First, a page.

DEAR ABBY: I am 34 years old, married and very confused. My current husband, "Austin," and I have a good marriage. He is wonderful to me. I have three children from a previous marriage.
My ex-husband, "Chet," and I are great friends. I have never stopped loving him. That is my problem. I dream of Chet every night. I think of him all day. I don't know how to get him out of my mind and heart.
Abby, I am committed to my marriage and take my vows seriously, but it's almost like I am emotionally cheating on Austin. I have even considered leaving him because I feel so guilty about the way I feel. I know I could never be reunited with Chet, but I don't think I love Austin the way a wife should.
Is it wrong to have feelings about your children's father? -- CONFLICTED IN COLORADO
DEAR CONFLICTED: No. Chet may have been a poor husband, but the attraction you felt for him is still powerful. I call it moth-to-the-flame syndrome. Even though the moth may get singed to oblivion, the attraction is still there.
What would be wrong would be to ACT on those feelings. Consider this: The objects we dream about are usually symbolic. Counseling could help you to figure out what Chet symbolizes in your dreams and fantasies. It may not be what you think.
DEAR ABBY: Our elementary school second-grade class had an assembly conducted by the local fire department. The firemen demonstrated their equipment, let the children try on helmets and protective clothing, and talked to them about fire safety. One thing they did was show the children how to crawl out of a room or house that was on fire.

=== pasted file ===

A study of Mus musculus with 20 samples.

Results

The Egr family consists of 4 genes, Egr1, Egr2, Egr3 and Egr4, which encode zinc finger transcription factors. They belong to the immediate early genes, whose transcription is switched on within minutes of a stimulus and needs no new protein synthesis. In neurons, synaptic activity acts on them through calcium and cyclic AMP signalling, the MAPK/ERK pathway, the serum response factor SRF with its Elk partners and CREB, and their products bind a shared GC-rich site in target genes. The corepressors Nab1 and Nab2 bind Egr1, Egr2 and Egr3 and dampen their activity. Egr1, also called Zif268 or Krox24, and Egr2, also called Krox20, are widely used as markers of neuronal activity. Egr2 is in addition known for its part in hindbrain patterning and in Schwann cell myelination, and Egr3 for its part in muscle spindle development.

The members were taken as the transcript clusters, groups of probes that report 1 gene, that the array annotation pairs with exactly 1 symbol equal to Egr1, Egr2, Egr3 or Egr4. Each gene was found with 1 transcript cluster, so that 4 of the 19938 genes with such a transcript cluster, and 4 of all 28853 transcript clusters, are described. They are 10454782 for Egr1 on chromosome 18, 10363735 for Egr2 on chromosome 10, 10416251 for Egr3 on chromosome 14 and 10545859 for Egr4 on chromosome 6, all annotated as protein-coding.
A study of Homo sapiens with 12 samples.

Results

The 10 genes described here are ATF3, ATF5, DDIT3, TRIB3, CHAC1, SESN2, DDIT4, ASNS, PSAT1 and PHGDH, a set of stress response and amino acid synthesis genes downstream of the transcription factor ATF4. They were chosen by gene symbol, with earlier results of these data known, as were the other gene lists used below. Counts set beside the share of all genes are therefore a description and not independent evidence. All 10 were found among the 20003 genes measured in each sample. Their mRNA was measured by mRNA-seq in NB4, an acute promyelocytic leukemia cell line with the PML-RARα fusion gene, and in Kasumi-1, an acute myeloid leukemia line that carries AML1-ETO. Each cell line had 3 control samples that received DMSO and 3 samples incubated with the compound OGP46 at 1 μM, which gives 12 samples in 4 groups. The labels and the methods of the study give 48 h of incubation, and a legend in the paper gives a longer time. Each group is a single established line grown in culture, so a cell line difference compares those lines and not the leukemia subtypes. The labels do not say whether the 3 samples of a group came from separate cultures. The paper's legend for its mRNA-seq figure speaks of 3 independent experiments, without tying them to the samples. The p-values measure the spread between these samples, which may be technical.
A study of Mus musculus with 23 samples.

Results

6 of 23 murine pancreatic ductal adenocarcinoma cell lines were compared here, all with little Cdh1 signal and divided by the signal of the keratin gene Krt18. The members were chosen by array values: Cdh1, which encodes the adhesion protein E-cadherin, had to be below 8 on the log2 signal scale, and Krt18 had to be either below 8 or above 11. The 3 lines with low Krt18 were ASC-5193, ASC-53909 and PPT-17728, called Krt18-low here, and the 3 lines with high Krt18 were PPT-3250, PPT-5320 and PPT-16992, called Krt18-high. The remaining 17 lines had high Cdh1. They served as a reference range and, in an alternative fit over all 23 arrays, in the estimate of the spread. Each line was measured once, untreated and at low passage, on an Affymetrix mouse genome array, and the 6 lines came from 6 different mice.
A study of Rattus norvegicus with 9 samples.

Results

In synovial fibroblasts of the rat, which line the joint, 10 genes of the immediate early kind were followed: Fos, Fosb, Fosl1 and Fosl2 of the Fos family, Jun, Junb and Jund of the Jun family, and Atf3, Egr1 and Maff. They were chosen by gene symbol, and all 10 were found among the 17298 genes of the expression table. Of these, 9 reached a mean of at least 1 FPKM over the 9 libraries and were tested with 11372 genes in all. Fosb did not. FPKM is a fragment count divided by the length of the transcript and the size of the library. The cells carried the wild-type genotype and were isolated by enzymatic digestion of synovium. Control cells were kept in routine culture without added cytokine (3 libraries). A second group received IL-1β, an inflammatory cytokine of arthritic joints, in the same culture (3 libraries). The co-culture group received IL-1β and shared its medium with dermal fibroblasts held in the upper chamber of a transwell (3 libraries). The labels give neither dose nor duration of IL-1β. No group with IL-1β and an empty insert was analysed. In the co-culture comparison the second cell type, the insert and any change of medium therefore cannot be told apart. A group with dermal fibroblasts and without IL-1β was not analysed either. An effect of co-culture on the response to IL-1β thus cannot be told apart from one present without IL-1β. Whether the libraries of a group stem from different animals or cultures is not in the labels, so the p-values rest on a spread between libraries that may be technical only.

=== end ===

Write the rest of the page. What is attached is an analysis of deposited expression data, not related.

One child in the class is in a wheelchair. He cannot walk or crawl or maneuver his manual chair by himself. This student's one-on-one aide thought the boy should learn what HE should do if he was ever in a fire. She decided that he could yell for help so the firemen could find him.
Now when she brings him to my office for toileting, she puts him on the toilet and then leaves the room to give him some privacy. When he's ready to get back in his chair, he is to yell loudly. His normal speaking voice is very soft, so he had to be trained to yell loudly. Some people in the school have been frightened when they heard him yell, "Help! I'm in here!" from the bathroom -– but it just may save his life one day. -- TUCSON, ARIZ., EDUCATOR
DEAR EDUCATOR: I am all for a child being prepared in case of an emergency. What concerns me is the possibility that the child's cries would be discounted if a real emergency were to occur. It is unwise to instruct a child to yell "Help!" unless there is danger. Assistance in the restroom could just as easily be gained by shouting, "Agnes, I'm ready now!" The message would be accurate and not frighten anyone.
DEAR ABBY: I'm writing regarding the sister-in-law who parades around the house naked. I wonder if the couple who live there would like to supplement their income by taking in a boarder. Tell them Grandpa's suitcase is packed! -- NATURE LOVER IN THE NORTHWEST
DEAR NATURE LOVER: Unpack your suitcase, Grandpa. They have enough problems already.
To receive a collection of Abby's most memorable -- and most frequently requested -- poems and essays, send a business-sized, self-addressed envelope, plus check or money order for $5 (U.S. funds) to: Dear Abby -- Keepers Booklet, P.O. Box 447, Mount Morris, IL 61054-0447. (Postage is included in the price.)